Who doesn’t want her very own Mr. Darcy to sweep her off her feet, caress her in his arms and tell her that she’s his princess? In my eyes, it is a rare woman who doesn’t require the approval of a man in order to feel like a princess. A woman is a whole person capable of loving herself unconditionally rather than seeking validation from someone else.
In “Austenland,” Jane (Keri Russell, “Dark Skies”) is a devoted member of the contrary — the more populace portion of women who values men more than they value themselves. She worships Jane Austen’s body of work. She has memorized the first three chapters of “Pride and Prejudice,” kisses a cardboard cut-out of Colin Firth daily and totes around a bag with “I heart Darcy” in big, bold letters. But these aspects of her obsession pale in comparison to the accumulation of fairy-tale garb that consumes every inch of her bedroom.
Shunning the wise advice of her best friend, who is firmly grounded in reality, Jane drops a ton of dough and immerses herself in the ultimate Jane Austen experience, an amusement park-like setting straight out of her beloved author’s fiction. But, of course, the experience disillusions Jane who grows overwhelmed by a confusing dichotomy of veracity and fantasy.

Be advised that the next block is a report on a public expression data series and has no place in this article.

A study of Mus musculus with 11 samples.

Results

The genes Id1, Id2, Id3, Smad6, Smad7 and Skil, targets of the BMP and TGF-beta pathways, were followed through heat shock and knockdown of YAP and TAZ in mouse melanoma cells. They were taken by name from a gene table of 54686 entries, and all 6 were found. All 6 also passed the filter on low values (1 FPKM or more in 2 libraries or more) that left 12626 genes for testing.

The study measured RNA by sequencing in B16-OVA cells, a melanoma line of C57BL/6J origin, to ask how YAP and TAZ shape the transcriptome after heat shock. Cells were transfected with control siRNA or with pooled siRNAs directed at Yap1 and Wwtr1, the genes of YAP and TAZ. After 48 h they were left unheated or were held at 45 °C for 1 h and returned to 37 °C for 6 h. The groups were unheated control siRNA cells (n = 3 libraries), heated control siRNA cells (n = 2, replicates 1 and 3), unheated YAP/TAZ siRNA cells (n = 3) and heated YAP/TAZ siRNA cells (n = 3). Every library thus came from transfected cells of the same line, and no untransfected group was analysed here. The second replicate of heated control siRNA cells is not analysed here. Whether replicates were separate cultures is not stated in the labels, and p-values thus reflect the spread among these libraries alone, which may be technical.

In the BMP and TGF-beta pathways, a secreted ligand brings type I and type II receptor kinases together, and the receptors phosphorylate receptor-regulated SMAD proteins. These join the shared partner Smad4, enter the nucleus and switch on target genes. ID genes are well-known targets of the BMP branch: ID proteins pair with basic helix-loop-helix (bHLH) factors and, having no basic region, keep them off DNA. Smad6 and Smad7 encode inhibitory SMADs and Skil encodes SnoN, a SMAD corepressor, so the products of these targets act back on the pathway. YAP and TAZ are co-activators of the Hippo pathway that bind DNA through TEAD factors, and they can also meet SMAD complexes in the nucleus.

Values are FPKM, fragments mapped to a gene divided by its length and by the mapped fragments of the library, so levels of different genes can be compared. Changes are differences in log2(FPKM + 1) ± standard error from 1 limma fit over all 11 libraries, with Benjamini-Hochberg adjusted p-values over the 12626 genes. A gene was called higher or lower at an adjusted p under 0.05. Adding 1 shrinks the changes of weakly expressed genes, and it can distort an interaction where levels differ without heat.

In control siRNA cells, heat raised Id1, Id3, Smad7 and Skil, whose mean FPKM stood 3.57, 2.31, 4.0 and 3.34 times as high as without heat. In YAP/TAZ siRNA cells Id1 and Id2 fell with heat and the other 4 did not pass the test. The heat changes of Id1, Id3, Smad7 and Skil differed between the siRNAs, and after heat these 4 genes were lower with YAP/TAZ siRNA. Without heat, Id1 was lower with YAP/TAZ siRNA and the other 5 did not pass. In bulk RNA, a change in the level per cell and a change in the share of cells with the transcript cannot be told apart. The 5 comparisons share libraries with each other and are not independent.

The film fulfills an audience’s insatiable need for guilty pleasures with a silly storyline so far-fetched that the movie finds a way to get the green light from a producer (Stephenie Meyer of “Twilight” fame); the film scratches the itch for this niche and, though it doesn’t make sense, it’ll make some dollars. It’s an entirely implausible scenario that drags on and on with predictable beats and trite tropes. The humor falls flat, whether it’s cheesy dialogue by Jerusha Hess, a somewhat seasoned writer but first-time director, or awkward timing by the actors.
The performances satisfy, but only just. Jennifer Coolidge (“American Reunion”) plays Jane’s Austenland buddy, her stereotypical role as the flighty floozy-slash-sidekick, and it’s overkill. To its credit, the film presents a few memorable moments, like when Jane plays a version of rapper Nelly’s “Hot in Herre” on the piano to the strong dismay of Mrs. Wattlesbrook (Jane Seymour, “Freeloaders”), the curt, uppity owner of the wacky world.
“Austenland” is a starkly hyperbolic display of the unavoidable and, at times, unbreakable attachment to fantasy. It’s a film that supports my belief that, speaking from experience, some women desire the perfect partner so desperately that they lose themselves in the process. Sometimes, you gotta live to learn.
(Spoiler alert) But the saccharine and fantastical nature of the film dilutes the message when Jane ends up with her own version of “Mr. Darcy” anyway. I spoil because, as pathetic as it sounds, a self-help book would be more helpful than this movie — maybe cheaper, too.